It seems that we are constantly bombarded with jargon, and legal documents are certainly no exception. Wills in particular often contain arcane terms which can be difficult to decipher.

The following is a brief explanation of some common terms associated with wills and probate:

Beneficiary — A person (or entity) who receives property under a will or trust

Bequest — A gift under a will

Bequeath — To give a gift in a will

Codicil — An amendment that alters a will

Decedent — The person who died

Devise — A gift (usually of real estate), can also be a verb meaning to give a gift

Escheat — A legal principle whereby property goes to the state because there are no heirs

Estate — All the property of a decedent

Executor (female: executrix) — A person nominated in a will to administer the estate (in Florida the term "executor" is no longer used and "personal representative" is used instead)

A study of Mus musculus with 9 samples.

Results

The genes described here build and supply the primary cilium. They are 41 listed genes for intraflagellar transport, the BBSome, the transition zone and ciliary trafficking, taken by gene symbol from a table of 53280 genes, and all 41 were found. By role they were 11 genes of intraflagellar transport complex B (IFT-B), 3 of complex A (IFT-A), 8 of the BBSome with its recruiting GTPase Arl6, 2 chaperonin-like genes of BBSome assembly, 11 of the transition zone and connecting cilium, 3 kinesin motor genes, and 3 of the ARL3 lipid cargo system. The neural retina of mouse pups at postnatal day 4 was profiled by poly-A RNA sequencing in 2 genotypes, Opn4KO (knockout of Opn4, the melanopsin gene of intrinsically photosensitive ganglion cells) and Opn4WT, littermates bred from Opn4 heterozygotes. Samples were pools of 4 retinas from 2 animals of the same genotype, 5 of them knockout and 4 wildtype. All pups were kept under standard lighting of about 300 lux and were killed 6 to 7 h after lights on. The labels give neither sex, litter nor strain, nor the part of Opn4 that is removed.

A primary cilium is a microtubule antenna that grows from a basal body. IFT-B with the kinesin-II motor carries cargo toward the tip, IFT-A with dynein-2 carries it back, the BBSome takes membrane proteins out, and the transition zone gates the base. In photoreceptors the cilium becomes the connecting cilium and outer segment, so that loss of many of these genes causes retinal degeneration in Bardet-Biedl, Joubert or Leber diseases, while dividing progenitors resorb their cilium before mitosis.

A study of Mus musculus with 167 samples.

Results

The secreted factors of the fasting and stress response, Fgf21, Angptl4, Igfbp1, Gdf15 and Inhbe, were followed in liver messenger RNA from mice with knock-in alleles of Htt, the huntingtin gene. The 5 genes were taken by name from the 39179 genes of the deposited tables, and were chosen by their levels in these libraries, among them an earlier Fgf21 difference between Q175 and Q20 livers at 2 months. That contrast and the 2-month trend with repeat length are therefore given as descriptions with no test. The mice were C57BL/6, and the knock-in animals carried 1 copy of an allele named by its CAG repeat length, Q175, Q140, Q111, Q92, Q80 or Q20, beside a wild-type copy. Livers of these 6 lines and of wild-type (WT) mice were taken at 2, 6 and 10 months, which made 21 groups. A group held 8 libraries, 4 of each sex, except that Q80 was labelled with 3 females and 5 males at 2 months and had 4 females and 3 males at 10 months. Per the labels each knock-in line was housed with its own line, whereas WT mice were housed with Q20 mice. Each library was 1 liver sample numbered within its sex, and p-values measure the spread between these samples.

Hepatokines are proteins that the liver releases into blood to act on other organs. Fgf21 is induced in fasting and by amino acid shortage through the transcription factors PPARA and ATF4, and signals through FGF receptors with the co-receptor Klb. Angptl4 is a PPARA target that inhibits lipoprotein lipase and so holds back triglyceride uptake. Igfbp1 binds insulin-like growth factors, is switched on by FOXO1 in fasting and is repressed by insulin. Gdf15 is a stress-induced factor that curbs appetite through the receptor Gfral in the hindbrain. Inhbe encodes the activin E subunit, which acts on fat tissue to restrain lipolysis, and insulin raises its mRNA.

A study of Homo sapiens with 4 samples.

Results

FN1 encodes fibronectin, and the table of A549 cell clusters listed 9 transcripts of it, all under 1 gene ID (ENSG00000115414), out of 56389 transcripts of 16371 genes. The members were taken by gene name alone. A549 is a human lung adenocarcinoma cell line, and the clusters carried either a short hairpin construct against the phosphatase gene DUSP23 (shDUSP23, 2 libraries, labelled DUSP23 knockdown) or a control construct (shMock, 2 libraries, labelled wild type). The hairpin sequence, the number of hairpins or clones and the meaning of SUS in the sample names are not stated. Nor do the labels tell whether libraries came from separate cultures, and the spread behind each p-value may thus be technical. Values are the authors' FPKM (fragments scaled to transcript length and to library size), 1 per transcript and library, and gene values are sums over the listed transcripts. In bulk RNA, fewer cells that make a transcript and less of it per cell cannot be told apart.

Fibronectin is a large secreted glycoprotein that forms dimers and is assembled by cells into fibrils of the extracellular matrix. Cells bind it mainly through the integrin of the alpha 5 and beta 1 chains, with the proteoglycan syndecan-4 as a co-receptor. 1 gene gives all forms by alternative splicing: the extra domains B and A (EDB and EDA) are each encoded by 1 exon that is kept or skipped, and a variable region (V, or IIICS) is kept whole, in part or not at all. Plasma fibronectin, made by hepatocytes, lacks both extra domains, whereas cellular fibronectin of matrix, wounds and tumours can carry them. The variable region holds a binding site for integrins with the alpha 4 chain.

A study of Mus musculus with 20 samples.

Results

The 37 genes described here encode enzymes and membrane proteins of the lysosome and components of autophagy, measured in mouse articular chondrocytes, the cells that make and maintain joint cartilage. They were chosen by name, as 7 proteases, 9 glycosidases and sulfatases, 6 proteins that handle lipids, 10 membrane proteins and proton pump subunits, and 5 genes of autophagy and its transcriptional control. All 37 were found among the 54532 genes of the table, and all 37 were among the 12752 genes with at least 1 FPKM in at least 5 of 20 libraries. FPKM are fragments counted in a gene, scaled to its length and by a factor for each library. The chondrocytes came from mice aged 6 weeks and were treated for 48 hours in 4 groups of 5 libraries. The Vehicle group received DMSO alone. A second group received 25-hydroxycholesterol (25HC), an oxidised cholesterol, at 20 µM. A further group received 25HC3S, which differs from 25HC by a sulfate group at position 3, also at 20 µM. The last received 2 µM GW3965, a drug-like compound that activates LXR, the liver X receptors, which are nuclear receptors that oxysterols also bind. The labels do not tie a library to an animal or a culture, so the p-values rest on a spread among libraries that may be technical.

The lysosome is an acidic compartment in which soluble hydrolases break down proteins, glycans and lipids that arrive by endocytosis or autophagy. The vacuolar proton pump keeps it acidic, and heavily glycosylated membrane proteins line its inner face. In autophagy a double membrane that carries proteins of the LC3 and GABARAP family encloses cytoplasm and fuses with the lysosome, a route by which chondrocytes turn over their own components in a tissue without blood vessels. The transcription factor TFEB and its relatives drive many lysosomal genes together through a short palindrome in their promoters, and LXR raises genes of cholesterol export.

Fiduciary Duty — The duty owed by someone, such as a personal representative or trustee, to manage the property or money in the best interests of another person

Inter Vivos Trust — A living trust set up during a person's lifetime

Intestate — A person who dies without a will

Legacy — Property left in a will

Letters of Administration — A document issued by the probate court authorizing the personal representative to act (referred to as "Letters Testamentary" in some states)

Personal Representative — The person (including a trust company or bank) appointed by the court to administer an estate

Pretermitted Heir — A spouse or child presumed to have been unintentionally omitted from a will and who may claim a share of the estate in certain circumstances

Residue or Residuary Estate — Property remaining in the estate after all specific gifts have been distributed

Settlor — Someone who sets up a trust, also known as a "trustor" and "grantor"

Testamentary Trust — A trust created after death through a will

Testator (female: testatrix) — A person who makes a will

Trust — A legal entity whereby property is held by one person on behalf of another

Trustee — The person responsible for administering a trust

Contact an experienced Orlando probate attorney for help in preparing your will and for assistance with probate matters.